Regulate chemicals in food packaging: Danish minister

Regulate chemicals in food packaging: Danish minister
Photo: jehoede/Depositphotos
Minister for the Environment and Food Jakob Ellemann-Jensen has underlined the need to cut down on packaging containing harmful substances.

The minister’s comments came after the publication of a study on the effect on foetus size of fluorinated compounds in mothers’ blood.

The study, conducted by Aarhus University researchers, concluded that a presence in pregnant women’s blood of the substances, which are found in some types of food packaging as well as in other products, can result in babies being born at a smaller size than normal.

Ellemann-Jensen recently said he would look into the possibility of a national ban on use of the substances in food packaging such as pizza boxes, including whether Denmark would be able to break with EU rules on the area until the European Union changes its own regulation.

“Organic fluorinated compounds, which damage people and the environment, should principally be banned,” the minister said in a written comment to Ritzau.

“I do not know the new study in detail. But my understanding is that it is yet another sign of how problematic these chemicals are, and thereby another reason to continue the Danish battle to regulate them,” he added.

Fluorinated compounds are used in many products, particularly surface treatment including in frying pans, rainproof clothing, shoes, pizza trays and popcorn bags, Ritzau writes.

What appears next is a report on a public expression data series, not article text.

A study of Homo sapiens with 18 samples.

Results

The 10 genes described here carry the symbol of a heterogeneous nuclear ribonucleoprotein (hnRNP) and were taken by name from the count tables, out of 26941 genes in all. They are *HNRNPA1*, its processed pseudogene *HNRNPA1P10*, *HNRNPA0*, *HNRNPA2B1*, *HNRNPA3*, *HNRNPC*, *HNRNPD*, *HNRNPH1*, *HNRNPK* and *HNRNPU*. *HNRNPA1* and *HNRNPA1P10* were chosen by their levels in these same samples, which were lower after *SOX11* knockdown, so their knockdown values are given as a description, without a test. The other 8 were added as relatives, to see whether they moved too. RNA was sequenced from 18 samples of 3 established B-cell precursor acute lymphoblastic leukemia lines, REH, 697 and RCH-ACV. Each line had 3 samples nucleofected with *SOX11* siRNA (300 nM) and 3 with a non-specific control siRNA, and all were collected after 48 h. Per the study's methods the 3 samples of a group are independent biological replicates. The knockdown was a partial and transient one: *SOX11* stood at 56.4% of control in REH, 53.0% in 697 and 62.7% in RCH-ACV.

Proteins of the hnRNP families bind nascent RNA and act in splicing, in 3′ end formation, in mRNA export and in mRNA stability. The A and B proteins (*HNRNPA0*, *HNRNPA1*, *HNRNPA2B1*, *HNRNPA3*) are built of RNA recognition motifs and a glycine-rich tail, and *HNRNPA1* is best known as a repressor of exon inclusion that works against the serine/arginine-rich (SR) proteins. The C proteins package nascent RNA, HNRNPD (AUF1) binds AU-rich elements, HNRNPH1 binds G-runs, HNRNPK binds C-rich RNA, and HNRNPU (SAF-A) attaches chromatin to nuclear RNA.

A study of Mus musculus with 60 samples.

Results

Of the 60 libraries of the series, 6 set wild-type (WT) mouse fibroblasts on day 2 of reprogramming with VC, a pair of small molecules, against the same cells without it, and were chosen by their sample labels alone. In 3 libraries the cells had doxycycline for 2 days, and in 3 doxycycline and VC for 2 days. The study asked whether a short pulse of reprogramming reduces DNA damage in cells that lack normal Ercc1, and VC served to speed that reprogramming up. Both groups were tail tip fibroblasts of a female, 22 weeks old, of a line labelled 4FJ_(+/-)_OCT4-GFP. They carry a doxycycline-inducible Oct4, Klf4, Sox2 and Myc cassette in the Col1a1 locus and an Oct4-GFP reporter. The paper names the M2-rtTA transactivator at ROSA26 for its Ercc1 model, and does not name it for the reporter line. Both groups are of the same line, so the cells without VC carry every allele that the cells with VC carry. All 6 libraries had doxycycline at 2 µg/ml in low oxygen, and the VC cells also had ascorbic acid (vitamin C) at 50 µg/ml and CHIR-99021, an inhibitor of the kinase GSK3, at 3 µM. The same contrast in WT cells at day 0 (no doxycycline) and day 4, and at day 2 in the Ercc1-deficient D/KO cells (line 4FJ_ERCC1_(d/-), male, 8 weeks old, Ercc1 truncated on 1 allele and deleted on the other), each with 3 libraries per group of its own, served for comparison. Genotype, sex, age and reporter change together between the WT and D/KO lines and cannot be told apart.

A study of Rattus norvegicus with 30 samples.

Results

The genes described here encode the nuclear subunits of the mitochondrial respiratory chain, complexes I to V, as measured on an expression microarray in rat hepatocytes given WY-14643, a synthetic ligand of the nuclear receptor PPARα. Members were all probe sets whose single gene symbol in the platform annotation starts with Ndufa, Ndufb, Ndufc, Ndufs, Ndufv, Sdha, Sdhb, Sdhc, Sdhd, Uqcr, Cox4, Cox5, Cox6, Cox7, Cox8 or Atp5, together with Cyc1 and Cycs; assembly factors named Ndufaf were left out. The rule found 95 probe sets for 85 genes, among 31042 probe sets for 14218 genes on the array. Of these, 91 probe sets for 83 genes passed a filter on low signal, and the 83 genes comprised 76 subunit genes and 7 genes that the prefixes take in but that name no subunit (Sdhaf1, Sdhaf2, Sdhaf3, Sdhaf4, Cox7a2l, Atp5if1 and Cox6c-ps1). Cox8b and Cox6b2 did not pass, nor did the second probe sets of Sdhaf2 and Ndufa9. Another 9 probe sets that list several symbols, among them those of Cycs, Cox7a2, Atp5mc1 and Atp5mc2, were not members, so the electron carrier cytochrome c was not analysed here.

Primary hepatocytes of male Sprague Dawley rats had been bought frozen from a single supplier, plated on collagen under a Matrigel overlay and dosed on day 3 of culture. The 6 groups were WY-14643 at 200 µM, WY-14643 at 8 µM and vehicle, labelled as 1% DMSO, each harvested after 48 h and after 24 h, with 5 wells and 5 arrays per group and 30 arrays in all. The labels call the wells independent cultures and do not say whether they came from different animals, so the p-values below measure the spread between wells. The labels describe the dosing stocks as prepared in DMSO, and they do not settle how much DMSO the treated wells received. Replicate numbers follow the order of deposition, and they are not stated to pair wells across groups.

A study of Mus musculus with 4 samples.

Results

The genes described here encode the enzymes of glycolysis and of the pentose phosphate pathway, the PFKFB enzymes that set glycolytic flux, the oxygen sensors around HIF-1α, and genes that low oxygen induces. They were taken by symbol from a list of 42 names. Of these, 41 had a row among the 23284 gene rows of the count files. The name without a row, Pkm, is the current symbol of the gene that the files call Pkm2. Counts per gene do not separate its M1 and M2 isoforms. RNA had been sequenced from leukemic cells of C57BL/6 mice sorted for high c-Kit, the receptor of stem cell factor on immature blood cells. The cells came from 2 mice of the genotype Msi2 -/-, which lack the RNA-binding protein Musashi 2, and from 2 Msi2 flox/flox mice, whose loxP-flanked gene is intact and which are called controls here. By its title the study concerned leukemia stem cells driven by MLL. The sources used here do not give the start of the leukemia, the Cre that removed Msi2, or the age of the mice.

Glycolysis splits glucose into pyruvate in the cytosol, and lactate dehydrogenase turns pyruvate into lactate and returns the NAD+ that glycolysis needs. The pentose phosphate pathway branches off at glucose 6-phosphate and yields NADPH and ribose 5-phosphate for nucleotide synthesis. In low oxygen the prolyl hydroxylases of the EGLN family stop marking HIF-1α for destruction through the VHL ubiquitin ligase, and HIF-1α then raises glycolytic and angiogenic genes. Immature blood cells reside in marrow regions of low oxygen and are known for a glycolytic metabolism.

Previous studies have found the substances to increase risk of miscarriage, obesity and type II diabetes.

The European Food Safety Authority (EFSA) in December increased its risk assessment of the two most common fluorinated compounds, PFOS and PFOA.

Researchers said they hope for tighter regulation in the area.

“It is high time that regulation is finally introduced with much-needed regulation, initially of food packaging,” Eva Cecilie Bonefeld-Jørgensen, who worked on the new study, said to Ritzau.

A declaration on all products which contain the compounds is a necessary first step, the researcher said.

Phillippe Grandjean, professor of environmental medicine at the University of Southern Denmark, expressed a similar view.

“Food packaging is just a fraction of the problem. I don’t have much belief in a quick political win through a ban on a limited area. More is needed,” he said to Ritzau.

“The problem became global a long time ago and now affects all of our immune systems,” he said.